Customs defends seizure of cement - Mozambique
Photos: Presidente Filipe Nyusi Facebook
Mozambican President Filipe Nyusi on Monday declared that the government and the Confederation of Business Associations (CTA), which represents the business class must seek solutions to ensure there is a robust private business sector, necessary for the development of the country.
Speaking at the opening of the Annual Private Sector Conference (CASP) in Maputo, Nyusi said that only a strong private sector could ensure continued growth of the national economy.
Although the programme for the event envisaged a formal opening speech from the President, Nyusi said he preferred to put the formalities aside, in order to advance immediately with a serious debate about matters inherent to economic development.
“I came here to interact with the private sector, so I shall dispense with the speech, so that we can gain time, and all of us can participate in the discussion”, he explained.
For his part, the CTA Chairperson, Agostinho Vuma, describing the current economic scenario, listed a range of concerns about financing which were afflicting small and medium enterprises (SMEs).
He said that SMEs were a major source of jobs, and made a major fiscal contribution, but they are now under great pressure and their very survival is in question.
Vuma recognised that the government has taken measures to adjust the state’s accounts to current reality, but he thought it important to reduce the fiscal deficit, and to adopt a medium term plan of fiscal consolidation. He believed this would speed up the reforms needed for strengthening local content in the foreign investment megaprojects, empowering the SMEs as the main players in business linkages.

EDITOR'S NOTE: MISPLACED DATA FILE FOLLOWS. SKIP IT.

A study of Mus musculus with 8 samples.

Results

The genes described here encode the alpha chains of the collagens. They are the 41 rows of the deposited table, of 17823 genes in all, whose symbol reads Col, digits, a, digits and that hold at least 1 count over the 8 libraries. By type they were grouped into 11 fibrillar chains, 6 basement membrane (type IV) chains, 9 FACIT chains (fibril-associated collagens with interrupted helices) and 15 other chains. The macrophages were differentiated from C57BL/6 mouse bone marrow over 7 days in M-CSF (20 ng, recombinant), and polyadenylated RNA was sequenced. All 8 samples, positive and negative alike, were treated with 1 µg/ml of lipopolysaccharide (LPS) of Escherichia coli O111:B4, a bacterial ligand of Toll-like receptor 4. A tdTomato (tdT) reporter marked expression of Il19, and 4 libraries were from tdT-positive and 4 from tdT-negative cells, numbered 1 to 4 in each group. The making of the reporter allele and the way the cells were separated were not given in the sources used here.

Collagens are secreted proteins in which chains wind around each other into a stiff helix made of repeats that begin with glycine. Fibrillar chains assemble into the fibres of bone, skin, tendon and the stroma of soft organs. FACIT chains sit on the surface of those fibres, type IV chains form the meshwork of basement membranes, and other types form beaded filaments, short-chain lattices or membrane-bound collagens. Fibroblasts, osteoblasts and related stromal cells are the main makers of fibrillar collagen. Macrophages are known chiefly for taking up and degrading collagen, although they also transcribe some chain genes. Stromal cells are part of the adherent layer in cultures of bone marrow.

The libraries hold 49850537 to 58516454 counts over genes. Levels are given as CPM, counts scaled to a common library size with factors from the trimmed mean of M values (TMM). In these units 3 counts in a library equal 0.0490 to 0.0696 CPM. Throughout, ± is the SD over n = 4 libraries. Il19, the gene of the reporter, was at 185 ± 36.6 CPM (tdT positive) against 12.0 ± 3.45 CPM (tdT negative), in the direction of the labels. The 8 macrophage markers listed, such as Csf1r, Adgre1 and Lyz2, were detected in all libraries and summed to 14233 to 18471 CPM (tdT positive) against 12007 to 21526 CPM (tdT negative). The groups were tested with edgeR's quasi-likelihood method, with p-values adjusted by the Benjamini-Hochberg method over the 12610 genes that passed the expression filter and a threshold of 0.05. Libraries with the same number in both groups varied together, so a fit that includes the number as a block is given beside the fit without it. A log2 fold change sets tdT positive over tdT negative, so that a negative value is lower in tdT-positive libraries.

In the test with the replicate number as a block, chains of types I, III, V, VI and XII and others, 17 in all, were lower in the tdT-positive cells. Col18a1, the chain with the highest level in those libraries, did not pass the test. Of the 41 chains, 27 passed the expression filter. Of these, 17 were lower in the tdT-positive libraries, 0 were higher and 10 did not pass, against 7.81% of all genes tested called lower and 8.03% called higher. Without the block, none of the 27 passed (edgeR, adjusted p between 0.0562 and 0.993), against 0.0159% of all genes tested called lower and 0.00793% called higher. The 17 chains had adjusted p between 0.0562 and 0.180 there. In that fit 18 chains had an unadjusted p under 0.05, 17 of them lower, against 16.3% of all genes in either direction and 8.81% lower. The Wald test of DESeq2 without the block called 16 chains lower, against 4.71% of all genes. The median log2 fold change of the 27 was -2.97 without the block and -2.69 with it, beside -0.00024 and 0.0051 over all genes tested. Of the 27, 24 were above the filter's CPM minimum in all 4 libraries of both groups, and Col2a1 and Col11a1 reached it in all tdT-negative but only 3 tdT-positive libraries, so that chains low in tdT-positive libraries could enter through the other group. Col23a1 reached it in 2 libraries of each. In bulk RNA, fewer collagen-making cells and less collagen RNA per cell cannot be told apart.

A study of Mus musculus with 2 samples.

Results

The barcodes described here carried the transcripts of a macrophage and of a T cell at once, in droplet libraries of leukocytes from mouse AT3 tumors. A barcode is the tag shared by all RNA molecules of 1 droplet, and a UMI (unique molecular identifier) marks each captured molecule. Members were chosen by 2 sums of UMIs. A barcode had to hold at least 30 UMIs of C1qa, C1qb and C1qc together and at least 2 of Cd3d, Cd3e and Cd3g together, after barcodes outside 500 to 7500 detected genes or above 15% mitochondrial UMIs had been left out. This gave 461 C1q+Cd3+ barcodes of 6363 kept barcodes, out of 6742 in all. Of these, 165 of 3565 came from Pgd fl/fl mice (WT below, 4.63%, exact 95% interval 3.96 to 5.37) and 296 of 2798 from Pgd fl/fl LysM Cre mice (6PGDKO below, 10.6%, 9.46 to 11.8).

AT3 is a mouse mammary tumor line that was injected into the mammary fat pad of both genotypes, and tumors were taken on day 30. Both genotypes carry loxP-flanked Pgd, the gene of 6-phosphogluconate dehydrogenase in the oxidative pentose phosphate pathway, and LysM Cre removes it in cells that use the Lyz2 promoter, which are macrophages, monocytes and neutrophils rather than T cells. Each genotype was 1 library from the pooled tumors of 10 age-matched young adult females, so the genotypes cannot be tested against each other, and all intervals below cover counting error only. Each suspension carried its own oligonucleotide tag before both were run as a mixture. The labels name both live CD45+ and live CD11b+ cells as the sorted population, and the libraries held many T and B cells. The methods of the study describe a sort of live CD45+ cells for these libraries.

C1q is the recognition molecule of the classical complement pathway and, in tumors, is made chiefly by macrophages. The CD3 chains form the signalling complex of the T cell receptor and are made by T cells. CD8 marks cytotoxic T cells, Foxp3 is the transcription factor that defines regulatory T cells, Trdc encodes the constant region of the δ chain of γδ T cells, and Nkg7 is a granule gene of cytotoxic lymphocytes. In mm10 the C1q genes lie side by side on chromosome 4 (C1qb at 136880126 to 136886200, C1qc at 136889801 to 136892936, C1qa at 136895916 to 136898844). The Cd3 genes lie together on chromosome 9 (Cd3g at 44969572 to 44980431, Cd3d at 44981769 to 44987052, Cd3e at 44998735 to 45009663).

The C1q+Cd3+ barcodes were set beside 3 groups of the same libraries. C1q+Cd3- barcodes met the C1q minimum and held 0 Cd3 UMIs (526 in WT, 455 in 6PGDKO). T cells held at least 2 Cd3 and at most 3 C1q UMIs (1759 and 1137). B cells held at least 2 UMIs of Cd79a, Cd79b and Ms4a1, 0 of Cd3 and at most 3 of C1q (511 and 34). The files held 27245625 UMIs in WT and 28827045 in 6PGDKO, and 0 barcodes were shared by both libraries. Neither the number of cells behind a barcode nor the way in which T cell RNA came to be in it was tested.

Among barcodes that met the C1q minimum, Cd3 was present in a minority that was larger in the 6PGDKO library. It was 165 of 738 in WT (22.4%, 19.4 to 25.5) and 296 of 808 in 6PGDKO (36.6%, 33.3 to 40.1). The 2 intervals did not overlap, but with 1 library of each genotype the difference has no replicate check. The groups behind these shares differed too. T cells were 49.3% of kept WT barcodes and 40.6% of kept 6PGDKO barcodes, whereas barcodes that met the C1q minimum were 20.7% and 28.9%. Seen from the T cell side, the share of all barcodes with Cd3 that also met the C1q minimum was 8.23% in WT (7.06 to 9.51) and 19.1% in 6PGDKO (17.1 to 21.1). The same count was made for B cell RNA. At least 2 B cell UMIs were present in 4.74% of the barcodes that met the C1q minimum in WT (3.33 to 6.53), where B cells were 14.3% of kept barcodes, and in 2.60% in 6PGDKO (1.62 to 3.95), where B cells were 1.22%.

Vuma insisted that the private sector wants to see a fall in interest rates. The Bank of Mozambique has reduced its benchmark interest rates, but they are still extremely high. The Interbank Money Market Rate (MIMO) is 18 per cent, and most commercial bank interest rates, even for favoured clients, are in excess of this.
“We would like to encourage the Bank of Mozambique to go deeper in the reforms and macro-economic adjustments necessary to alleviate the suffocation that the SMEs are facing”, said Vuma.
He believed that, since the annual inflation rate has fallen to just 3.84 per cent, according to the central bank’s own figures, it must be possible to knock another 14 per cent off the benchmark interest rate.
Vuma was also concerned at the delays by State bodies in paying the bills presented by private companies. This, plus delays in reimbursing Value Added Tax (VAT), worsened the difficulties faced by companies in 2017.
“Today companies face great difficulties that would be lessened if the State paid the VAT refunds in good time”, said Vuma. “We would like to see a plan to deal with this matter, and better communication with the private sector”.
The Minister of Industry and Trade, Ragendra de Sousa, had harsh words for private business. He said he took the concerns mentioned by Vuma into account, but was concerned that most of the country’s business people did not have the mentality for doing business.
He went further and claimed there is no real market economy in Mozambique. Instead, there is “a semi-managed economy among friends”.
“Our great battle right now should be to transform the minds of participants into a march towards development”, said Sousa. “We would like CASP to stop being an institution for whispering, and become an institution where interests converge since, in the end, the three main stakeholders, the government, the private sector and the workers, we all want development and improved living conditions for our people”.
Nonetheless, he added, the government is prepared to listen to all the concern of the private sector, but business people “should take very solid realities into account”.